One of the most venerated structures in downtown Los Angeles, a richly embellished Jazz Age office tower honoring the arts, has been acquired by two high-profile attorneys for $23.5 million.
The aptly named Fine Arts Building at 811 W. 7th St. is now owned by Brian Kabateck and Mark Geragos, who last week announced its purchase from a Denver real estate partnership. The Los Angeles lawyers plan to take over almost half of the space on the top floor and rent the rest of the space in the 12-story building to tenants.
Kabateck and Geragos, whose clients have included pop star Michael Jackson, have coveted the Romanesque Revival-style building for years, Kabateck said.
They already own and keep offices in a nearby former fire station built in 1912 known as Engine Co. No. 28. It has a restaurant of the same name on the ground floor, where some of the city's first motorized fire engines were once housed.
"After we bought Engine Co. we decided we loved older buildings," Kabateck said. "The real building we thought it would make total sense to own was the Fine Arts Building."
The Los Angeles Times called the Fine Arts Building "one of the finest business blocks in the Southland" when it opened in late 1926 with a private gala for thousands of guests.
The design reflected an era when sculpture was integrated into architecture as a way of expressing the meaning and purpose of a building, according to USC archives.
The builders hoped to attract tenants in arts-related fields, and elaborate display cases were built into the lobby to show off works by tenants, said architect Christopher Martin, a former part-owner and occupant of the Fine Arts Building whose family firm has been designing Los Angeles buildings since 1906.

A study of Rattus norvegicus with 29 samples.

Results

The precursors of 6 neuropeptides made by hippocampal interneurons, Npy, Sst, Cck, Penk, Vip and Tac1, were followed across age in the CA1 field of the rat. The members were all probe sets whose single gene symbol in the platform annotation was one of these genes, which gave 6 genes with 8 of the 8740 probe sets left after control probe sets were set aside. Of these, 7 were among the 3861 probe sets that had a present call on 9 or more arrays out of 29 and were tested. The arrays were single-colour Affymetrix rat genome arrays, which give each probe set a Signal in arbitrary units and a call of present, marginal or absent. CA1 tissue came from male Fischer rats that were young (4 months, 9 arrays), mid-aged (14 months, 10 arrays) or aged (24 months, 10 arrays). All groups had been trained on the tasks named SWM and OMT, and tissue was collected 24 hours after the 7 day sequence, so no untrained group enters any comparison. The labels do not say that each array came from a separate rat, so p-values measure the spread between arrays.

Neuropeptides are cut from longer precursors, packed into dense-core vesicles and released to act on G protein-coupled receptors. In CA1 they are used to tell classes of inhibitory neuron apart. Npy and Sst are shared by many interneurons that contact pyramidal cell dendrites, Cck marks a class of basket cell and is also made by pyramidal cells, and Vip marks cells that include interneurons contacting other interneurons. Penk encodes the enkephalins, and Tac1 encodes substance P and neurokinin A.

"They thought the wealthy people who shopped on 7th Street would flock to it," Martin said.
The Fine Arts Building was designed by Los Angeles architects Albert R. Walker and Percy A. Eisen, who also created such well-known structures as the Oviatt Building downtown, the Regent Beverly Wilshire Hotel in Beverly Hills and the El Cortez Hotel in San Diego.
Claremont sculptor Burt Johnson, weakened from influenza and heart attacks, worked from a wheelchair to create several statues for the building, including a girl with a fish in the lobby and two giant figures representing Architecture and Sculpture that recline against ledges on the third story.
The front of the building is clad in terra cotta from the kilns of Gladding, McBean & Co., which decorated other local landmarks, including department store Bullocks Wilshire.
In the lobby is a vast assortment of tiles by Pasadena artist Ernest A. Batchelder, a leading figure of the Arts and Crafts movement of the early 20th century, and a mural by popular theater muralist Anthony Heinsbergen.
"It's an amazing example of great architecture on the interior and exteriors," said Linda Dishman, executive director of the Los Angeles Conservancy. The Depression apparently put an end to the Fine Arts Building's reign as a cultural haven, Dishman said.
By 1933 it was known as the Signal Oil Building and went on to be called the Havenstrite Building and Global Marine House.
It was renovated in 1983 by developer Ratkovich Bowers & Perez and rechristened the Fine Arts Building.
Since then it's had a handful of owners, most recently Denver real estate investment company Alliance Commercial Partners, which paid $17.8 million for it in 2006.
One improvement the new owners plan to make is the opening of a ground floor restaurant in a space originally occupied in the 1920s by the Pig 'n Whistle and most recently by McDonald's.
"We want to bring in a high-end, notable restaurant," Kabateck said.
Kabateck has been in the news as the attorney who filed a class-action suit against AT&T Inc. for allegedly facilitating private investigator Anthony Pellicano's wiretapping schemes. He also represents actor Keith Carradine in a suit against Pellicano.
Geragos won an $18-million judgment this year from the owner of a celebrity jet service who secretly videotaped Michael Jackson talking with his lawyers.
Geragos and Kabateck, who maintain separate firms, will probably buy more buildings together.
"We are not stopping," Kabateck said.
"We have our eye on other historical buildings in the business district. We thoroughly believe in the ongoing revitalization of downtown and want to be part of it."